French and Kurdish forces in northern Iraq were attacked by an exploding drone last Wednesday, according to the Pentagon. Air Force Colonel John Dorrian, the current spokesperson for the U.S. coalition in Iraq, admitted the device was “improvised” and said it exploded after it was taken back to a camp near the Iraqi city of Irbil.
Two Kurds lost their lives in the incident, according to a U.S. official. Dorrian referred to the attack as a “Trojan Horse” attack — apparently, the drone looked like a Styrofoam model plane. Two French operatives were also wounded.
The attack confirms a rapidly developing mode of drone warfare, which the U.S. has clearly monopolized. However, due to the wide availability of drones — you can even buy them on Amazon — both sides of the Syrian conflict have been improvising drone technology. A video recently released by an al-Qaeda affiliate purports to show a drone landing on a Syrian military target. Another video shows small explosives dropped by Hezbollah on al-Qaeda-linked terror group al-Nusra near Aleppo, as reported by the Military Times.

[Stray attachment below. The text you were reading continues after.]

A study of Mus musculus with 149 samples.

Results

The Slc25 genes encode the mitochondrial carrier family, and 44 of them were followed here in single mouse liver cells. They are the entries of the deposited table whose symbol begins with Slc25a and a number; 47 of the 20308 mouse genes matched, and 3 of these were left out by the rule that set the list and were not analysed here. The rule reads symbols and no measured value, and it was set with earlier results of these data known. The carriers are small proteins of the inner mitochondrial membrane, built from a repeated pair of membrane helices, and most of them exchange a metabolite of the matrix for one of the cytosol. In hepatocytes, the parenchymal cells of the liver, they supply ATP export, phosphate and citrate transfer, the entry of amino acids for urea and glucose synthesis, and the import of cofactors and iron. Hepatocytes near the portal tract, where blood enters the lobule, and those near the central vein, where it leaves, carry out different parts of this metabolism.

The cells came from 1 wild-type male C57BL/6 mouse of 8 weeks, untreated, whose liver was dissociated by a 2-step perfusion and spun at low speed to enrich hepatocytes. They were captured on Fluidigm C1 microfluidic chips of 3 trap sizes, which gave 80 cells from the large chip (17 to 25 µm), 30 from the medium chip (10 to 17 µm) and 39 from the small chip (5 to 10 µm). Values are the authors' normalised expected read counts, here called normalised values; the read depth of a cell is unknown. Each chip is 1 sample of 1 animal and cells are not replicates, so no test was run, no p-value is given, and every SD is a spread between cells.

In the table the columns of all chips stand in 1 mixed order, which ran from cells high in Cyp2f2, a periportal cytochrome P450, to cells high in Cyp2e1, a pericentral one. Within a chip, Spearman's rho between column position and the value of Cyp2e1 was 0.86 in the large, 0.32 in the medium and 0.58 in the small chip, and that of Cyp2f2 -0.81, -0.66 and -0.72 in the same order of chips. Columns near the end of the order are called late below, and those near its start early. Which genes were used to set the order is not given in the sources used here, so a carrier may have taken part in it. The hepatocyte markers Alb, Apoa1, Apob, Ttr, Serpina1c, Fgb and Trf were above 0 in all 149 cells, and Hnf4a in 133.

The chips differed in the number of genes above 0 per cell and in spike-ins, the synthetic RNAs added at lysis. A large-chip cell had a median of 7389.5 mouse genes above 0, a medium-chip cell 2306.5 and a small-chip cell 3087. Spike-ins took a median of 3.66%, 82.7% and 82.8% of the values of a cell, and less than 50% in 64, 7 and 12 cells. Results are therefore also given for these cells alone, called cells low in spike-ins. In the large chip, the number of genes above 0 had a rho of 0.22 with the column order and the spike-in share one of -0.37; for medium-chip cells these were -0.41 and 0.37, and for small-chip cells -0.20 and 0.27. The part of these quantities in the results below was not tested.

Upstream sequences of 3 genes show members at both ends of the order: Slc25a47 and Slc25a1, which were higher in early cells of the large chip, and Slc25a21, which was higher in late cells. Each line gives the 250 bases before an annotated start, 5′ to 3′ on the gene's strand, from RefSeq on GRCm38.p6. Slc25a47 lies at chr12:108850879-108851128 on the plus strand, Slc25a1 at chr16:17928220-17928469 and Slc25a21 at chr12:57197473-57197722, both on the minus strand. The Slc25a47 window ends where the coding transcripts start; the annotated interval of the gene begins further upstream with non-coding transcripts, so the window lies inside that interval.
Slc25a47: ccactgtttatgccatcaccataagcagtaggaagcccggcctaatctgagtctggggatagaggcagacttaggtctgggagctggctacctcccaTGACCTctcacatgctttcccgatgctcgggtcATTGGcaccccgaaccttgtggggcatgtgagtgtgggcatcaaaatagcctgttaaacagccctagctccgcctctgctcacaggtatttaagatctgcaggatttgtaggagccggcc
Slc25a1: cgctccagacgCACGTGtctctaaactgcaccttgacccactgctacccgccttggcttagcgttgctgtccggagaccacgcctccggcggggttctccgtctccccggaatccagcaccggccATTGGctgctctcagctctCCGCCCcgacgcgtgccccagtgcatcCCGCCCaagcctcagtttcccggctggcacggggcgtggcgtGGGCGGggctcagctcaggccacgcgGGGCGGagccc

Though the U.S. uses drones more extensively than other nations, use of the unmanned aerial weapons cannot remain limited to one nation, and as the attacks on Kurdish and French forces demonstrate, Washington’s drone warfare policies are already beginning to backfire.
Where this technology will lead us is a path that prompted a friend of mine, a Ph.D. student in Peace Studies, to observe that drones are “the worst invention in the world.”